In Box

2.6 Born Every Second

In the next 25 years, the world will be home to an additional 1.7 billion people — roughly the present population of Africa and India combined. To discover what that means for you, visit the Web site of the Population Reference Bureau (PRB), a nonprofit organization founded in 1929 to compile statistics on key global ...

In the next 25 years, the world will be home to an additional 1.7 billion people -- roughly the present population of Africa and India combined. To discover what that means for you, visit the Web site of the Population Reference Bureau (PRB), a nonprofit organization founded in 1929 to compile statistics on key global population and social issues and disseminate them to the public.

Searchable by region, country, or topic, the site houses piles of information on a wide variety of topics -- for instance, family planning, urbanization, crime, and the environment. PRB even lets you customize data tables: Plug in selected countries, regions, or states, plus your variables of choice, such as birthrate or labor force, and you get a comparative table straight from the PRB's "2000 World Population Data Sheet."

PRB's site is straightforward and interesting, making it an excellent stop for the researcher concerned with emerging trends, or for the casual surfer just looking for a few arcane facts. But be prepared to squint. Thanks to the site's tiny fonts, that key population factoid you’ve been searching for may be easier to find than to read.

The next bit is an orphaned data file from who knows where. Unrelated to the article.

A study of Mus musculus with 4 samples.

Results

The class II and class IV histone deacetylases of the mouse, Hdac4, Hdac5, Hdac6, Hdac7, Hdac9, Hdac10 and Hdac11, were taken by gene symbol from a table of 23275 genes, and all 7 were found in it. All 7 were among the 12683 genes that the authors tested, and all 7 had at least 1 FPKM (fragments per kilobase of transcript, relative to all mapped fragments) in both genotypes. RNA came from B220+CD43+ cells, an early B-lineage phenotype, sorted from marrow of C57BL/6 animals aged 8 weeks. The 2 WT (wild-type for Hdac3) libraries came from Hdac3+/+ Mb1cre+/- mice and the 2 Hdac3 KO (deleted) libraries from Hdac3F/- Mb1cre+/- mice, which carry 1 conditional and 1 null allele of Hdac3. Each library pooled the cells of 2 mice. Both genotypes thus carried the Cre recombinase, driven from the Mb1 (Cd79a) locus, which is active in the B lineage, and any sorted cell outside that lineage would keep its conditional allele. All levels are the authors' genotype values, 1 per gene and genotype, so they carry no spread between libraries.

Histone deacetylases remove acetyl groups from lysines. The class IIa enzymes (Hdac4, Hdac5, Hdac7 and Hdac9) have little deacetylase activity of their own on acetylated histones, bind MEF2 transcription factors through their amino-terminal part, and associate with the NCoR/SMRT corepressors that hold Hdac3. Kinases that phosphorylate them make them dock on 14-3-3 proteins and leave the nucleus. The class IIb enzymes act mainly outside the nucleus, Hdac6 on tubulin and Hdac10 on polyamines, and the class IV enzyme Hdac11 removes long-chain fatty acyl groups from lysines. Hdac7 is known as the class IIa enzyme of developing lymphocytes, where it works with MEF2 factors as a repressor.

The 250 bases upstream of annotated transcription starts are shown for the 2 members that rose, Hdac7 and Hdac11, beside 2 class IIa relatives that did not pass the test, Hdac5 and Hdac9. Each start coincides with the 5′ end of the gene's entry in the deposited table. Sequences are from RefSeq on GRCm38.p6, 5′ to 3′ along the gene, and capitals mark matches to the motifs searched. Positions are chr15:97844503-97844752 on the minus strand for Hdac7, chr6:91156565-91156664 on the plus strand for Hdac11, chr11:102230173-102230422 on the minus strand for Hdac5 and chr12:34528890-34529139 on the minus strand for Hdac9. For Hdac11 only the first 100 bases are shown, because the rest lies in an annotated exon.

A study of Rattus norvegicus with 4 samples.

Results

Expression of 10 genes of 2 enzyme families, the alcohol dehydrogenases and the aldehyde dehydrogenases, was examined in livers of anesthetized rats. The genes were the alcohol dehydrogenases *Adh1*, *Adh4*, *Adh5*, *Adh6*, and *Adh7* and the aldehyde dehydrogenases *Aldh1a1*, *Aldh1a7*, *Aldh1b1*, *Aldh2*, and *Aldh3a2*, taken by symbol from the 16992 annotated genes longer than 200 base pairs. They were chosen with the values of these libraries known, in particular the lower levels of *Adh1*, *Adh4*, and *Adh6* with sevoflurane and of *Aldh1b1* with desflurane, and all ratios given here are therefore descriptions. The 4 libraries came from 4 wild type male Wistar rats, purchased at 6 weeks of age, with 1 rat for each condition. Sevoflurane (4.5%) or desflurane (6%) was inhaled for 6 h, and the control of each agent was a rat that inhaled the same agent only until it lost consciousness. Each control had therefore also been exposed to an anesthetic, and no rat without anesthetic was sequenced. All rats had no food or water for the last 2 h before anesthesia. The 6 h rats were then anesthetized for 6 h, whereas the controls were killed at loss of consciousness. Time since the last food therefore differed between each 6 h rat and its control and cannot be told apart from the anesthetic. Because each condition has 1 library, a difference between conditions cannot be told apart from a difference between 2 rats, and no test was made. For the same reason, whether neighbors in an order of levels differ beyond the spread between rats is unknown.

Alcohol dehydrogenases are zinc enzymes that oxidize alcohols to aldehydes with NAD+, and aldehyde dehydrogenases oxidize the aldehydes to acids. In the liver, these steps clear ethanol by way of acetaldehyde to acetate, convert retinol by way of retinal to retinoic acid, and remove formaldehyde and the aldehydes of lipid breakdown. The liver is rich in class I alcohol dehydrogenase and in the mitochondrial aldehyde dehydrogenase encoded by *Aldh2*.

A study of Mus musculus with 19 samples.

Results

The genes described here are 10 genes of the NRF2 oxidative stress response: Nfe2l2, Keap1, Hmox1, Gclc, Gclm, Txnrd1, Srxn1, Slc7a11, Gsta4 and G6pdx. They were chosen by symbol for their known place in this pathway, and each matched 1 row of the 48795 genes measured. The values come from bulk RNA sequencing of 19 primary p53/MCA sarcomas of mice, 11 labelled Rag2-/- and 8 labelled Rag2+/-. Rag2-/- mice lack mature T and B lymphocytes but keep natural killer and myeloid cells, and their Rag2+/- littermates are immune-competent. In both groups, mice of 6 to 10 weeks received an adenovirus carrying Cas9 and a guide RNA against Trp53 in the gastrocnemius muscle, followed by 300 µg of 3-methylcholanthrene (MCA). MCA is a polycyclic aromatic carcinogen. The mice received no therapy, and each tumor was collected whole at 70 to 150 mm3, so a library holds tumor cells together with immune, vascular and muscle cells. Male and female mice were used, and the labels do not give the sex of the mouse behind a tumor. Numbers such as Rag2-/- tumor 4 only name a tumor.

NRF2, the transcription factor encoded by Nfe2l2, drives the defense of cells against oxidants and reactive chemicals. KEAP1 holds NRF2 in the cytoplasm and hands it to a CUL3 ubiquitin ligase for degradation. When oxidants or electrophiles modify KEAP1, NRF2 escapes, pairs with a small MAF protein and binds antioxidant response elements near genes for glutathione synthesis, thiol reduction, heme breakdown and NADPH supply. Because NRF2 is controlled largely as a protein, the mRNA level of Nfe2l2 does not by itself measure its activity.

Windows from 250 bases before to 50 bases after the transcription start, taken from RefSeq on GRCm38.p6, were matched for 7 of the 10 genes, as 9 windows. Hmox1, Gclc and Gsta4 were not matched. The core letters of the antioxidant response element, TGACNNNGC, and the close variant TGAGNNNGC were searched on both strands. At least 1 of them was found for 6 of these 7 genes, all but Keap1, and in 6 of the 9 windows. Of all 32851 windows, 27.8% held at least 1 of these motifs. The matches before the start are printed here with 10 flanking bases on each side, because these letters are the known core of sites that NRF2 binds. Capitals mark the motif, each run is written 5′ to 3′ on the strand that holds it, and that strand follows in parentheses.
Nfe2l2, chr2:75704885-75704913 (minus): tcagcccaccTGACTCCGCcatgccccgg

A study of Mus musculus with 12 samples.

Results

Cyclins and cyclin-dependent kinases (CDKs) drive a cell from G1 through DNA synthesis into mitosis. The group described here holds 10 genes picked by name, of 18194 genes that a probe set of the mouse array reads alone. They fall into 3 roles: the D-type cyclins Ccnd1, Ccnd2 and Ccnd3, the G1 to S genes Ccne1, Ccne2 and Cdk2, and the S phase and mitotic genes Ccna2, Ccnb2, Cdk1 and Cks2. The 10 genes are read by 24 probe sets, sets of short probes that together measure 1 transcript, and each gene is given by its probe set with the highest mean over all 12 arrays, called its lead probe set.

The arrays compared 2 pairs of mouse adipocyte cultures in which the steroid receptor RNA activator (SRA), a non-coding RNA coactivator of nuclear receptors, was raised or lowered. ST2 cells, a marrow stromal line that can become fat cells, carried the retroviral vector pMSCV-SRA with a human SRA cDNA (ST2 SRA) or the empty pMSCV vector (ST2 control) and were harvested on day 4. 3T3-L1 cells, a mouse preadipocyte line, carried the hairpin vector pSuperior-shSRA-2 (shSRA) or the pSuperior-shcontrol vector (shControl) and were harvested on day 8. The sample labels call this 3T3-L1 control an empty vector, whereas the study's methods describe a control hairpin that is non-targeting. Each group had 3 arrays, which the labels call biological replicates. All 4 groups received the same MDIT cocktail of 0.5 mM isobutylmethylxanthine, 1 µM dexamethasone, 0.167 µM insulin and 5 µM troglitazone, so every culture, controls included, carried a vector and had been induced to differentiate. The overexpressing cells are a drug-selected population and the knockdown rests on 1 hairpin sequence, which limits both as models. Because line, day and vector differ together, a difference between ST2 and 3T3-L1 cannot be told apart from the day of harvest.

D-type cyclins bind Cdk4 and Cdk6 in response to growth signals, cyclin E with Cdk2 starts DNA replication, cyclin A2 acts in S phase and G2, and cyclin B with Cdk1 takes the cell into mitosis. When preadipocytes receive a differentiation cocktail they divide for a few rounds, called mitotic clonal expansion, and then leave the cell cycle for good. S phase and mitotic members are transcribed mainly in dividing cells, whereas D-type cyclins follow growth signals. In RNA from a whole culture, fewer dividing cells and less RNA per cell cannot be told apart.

In the next 25 years, the world will be home to an additional 1.7 billion people — roughly the present population of Africa and India combined. To discover what that means for you, visit the Web site of the Population Reference Bureau (PRB), a nonprofit organization founded in 1929 to compile statistics on key global population and social issues and disseminate them to the public.

Searchable by region, country, or topic, the site houses piles of information on a wide variety of topics — for instance, family planning, urbanization, crime, and the environment. PRB even lets you customize data tables: Plug in selected countries, regions, or states, plus your variables of choice, such as birthrate or labor force, and you get a comparative table straight from the PRB’s "2000 World Population Data Sheet."

PRB’s site is straightforward and interesting, making it an excellent stop for the researcher concerned with emerging trends, or for the casual surfer just looking for a few arcane facts. But be prepared to squint. Thanks to the site’s tiny fonts, that key population factoid you’ve been searching for may be easier to find than to read.